Lean workflow cycle

Most organizations understand the importance of investing in a lean or process improvement central office. What is not so clear is how to strategically develop both the senior leadership  and the lean team for the key roles and the multiple skills required in the evolution of an organizations lean transformation. This session will explain the blue print that Lee Memorial Health System has used to architect the lean management system deployment, and how the process of people development begins with and is sustained by the lean office development process.  Hear from practicing lean specialists that began with diverse backgrounds from no healthcare experience or no lean experience, to become accomplished lean healthcare practitioners.

An example of poka-yoke in action: A large amount of workflows in a payroll process were being terminated abruptly. Users were provided with a standard set of action buttons for each step: “Approve to Next” and “Approve to Close.” The former approved the step and sent the workflow forward, while the latter approved and closed the workflow. The cause for the high number of terminations was the confusing nomenclature on the buttons. The issue was resolved by providing mouse-over texts on both the buttons clearly labeling the scenarios when each should be used.

If we let the person who’s best at performing the “specify” function handle more of that work, then we may also need to coordinate handoffs between ourselves. Adding the specify-complete column communicates to the team that a work item which was previously in the specify state is now ready to be pulled by anyone who wants to move it to the execute state. Work that is still in the specify state is not eligible to be pulled yet. If the owner of a ticket in the specify state wants to hand it off, he can put it in the complete buffer. If he doesn’t want to hand it off, he can move it directly into the execute state as long as capacity is available. It might be that the execute state is full, and the only eligible work is to pull another ticket from the ready queue into specify.

Caveat:   Blitzes are all too often un-targeted, .  done with little concern as to the overall impact on the total company.   The results of such un-focused blitzes typically have a significant local impact, microcosms of excellence , but little or no impact on overall company well being.   See “Solutions Looking for a Problem” below.

  • Blow-Through BOM’s (Bills of Material):   Many “assembled product” manufacturers need to maintain subassembly identity, and/or control configuration, for replacement parts.   In these circumstances, rather than have a flat bill of material, it is much more practical to continue to show all subassembly levels on the bill of material. A “Blow Through” level, allows the subassembly’s parts to be called out, for kitting or backflush purposes, on the next higher level assembly.   The MRP algorithm “blows through” .  treats the subassembly’s parts as if they were called out on the next higher-level assembly.
  • Boom-Bust Cycle:   Some Causes:   I just got off the phone with a steel finishing plant / distributor.   He said that their on-time delivery performance was terrible, and that their lead times had extended considerably.   When I mentioned some ways to fix this issue, his response was classic:   “The customers have learned to expect it”   “We can’t turn down orders.   We just promise what they want to hear, then beg forgiveness.” And what do the customers do in these situations?   You’ve go it!   They double order.   They order high “just in case”.   They ask for it early, knowing full well that it will be late.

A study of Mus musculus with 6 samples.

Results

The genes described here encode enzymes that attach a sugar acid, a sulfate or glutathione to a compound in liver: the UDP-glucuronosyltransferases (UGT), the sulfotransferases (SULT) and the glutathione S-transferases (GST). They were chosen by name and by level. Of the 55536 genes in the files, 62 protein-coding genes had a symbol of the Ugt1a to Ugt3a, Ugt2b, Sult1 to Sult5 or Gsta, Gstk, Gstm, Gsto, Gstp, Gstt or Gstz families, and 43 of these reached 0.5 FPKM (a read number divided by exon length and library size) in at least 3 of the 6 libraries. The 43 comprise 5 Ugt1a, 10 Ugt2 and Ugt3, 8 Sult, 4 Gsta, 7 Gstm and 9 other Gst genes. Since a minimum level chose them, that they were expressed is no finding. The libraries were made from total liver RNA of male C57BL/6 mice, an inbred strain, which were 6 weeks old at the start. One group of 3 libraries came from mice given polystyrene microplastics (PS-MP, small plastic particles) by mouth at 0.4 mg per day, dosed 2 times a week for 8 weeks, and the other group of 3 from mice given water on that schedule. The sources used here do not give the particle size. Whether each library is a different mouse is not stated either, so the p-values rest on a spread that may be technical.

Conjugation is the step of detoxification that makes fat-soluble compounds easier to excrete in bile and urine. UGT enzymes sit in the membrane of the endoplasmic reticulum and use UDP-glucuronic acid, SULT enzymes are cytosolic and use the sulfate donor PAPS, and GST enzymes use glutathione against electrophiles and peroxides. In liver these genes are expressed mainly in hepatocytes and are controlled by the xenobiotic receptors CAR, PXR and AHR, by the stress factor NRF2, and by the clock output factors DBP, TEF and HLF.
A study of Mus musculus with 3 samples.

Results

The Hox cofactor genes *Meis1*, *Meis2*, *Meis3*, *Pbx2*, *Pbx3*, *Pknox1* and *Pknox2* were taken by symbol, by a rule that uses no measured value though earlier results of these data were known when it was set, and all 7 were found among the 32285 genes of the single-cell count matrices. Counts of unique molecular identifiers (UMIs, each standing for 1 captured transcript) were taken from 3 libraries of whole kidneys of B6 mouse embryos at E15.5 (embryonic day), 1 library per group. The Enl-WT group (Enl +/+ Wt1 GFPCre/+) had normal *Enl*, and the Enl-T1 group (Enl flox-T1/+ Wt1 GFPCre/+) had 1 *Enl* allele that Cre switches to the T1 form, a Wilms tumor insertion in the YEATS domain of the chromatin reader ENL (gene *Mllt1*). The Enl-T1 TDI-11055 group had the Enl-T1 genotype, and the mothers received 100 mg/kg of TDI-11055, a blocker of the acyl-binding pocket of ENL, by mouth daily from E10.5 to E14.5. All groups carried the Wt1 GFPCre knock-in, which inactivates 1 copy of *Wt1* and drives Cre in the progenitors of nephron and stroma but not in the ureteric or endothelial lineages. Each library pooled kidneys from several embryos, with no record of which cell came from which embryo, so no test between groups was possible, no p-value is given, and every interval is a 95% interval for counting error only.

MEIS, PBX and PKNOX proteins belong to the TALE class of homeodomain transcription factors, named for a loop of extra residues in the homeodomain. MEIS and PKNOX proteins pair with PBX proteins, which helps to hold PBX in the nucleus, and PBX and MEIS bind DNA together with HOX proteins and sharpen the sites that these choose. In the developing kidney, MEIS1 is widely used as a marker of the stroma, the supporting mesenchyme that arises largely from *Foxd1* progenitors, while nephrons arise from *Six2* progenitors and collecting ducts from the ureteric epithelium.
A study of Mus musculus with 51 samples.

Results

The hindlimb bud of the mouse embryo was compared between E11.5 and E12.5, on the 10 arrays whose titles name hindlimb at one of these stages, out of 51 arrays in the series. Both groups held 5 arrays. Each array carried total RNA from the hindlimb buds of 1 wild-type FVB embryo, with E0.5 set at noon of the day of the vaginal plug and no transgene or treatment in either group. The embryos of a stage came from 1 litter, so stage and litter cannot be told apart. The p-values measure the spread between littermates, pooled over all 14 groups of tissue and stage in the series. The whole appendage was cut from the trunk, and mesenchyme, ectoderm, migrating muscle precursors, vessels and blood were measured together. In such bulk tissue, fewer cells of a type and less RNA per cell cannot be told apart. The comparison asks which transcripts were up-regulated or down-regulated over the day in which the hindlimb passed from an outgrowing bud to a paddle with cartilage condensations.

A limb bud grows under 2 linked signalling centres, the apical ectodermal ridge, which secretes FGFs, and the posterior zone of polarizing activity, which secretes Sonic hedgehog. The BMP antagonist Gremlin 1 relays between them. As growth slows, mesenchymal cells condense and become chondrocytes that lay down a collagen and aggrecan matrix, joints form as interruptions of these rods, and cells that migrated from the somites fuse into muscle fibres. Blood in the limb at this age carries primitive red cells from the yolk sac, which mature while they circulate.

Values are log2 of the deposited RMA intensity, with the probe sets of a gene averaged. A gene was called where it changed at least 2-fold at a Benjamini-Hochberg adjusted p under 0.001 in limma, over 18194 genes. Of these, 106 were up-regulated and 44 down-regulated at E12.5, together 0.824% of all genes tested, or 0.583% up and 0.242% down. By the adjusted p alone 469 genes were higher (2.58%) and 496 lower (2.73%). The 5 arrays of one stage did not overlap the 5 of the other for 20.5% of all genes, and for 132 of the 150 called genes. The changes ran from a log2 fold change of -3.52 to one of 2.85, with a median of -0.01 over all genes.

I try to apply “lean thinking” into all aspects of life, not just to work and certainly not just to construction projects (if you ever meet me in person, ask me to tell you how I manage my family’s weekly grocery list). When trying to inspire lean thinking in others, I encourage them to pick something that bugs them – it doesn’t matter what it is – and work their way backwards from there. The goal is to make life easier by reducing waste and/or add value; finding ways to simplify the process by speeding up or eliminating steps and handoffs wherever possible.

    Lean workflow cycle

    lean workflow cycle

    Caveat:   Blitzes are all too often un-targeted, .  done with little concern as to the overall impact on the total company.   The results of such un-focused blitzes typically have a significant local impact, microcosms of excellence , but little or no impact on overall company well being.   See “Solutions Looking for a Problem” below.

  • Blow-Through BOM’s (Bills of Material):   Many “assembled product” manufacturers need to maintain subassembly identity, and/or control configuration, for replacement parts.   In these circumstances, rather than have a flat bill of material, it is much more practical to continue to show all subassembly levels on the bill of material. A “Blow Through” level, allows the subassembly’s parts to be called out, for kitting or backflush purposes, on the next higher level assembly.   The MRP algorithm “blows through” .  treats the subassembly’s parts as if they were called out on the next higher-level assembly.
  • Boom-Bust Cycle:   Some Causes:   I just got off the phone with a steel finishing plant / distributor.   He said that their on-time delivery performance was terrible, and that their lead times had extended considerably.   When I mentioned some ways to fix this issue, his response was classic:   “The customers have learned to expect it”   “We can’t turn down orders.   We just promise what they want to hear, then beg forgiveness.” And what do the customers do in these situations?   You’ve go it!   They double order.   They order high “just in case”.   They ask for it early, knowing full well that it will be late.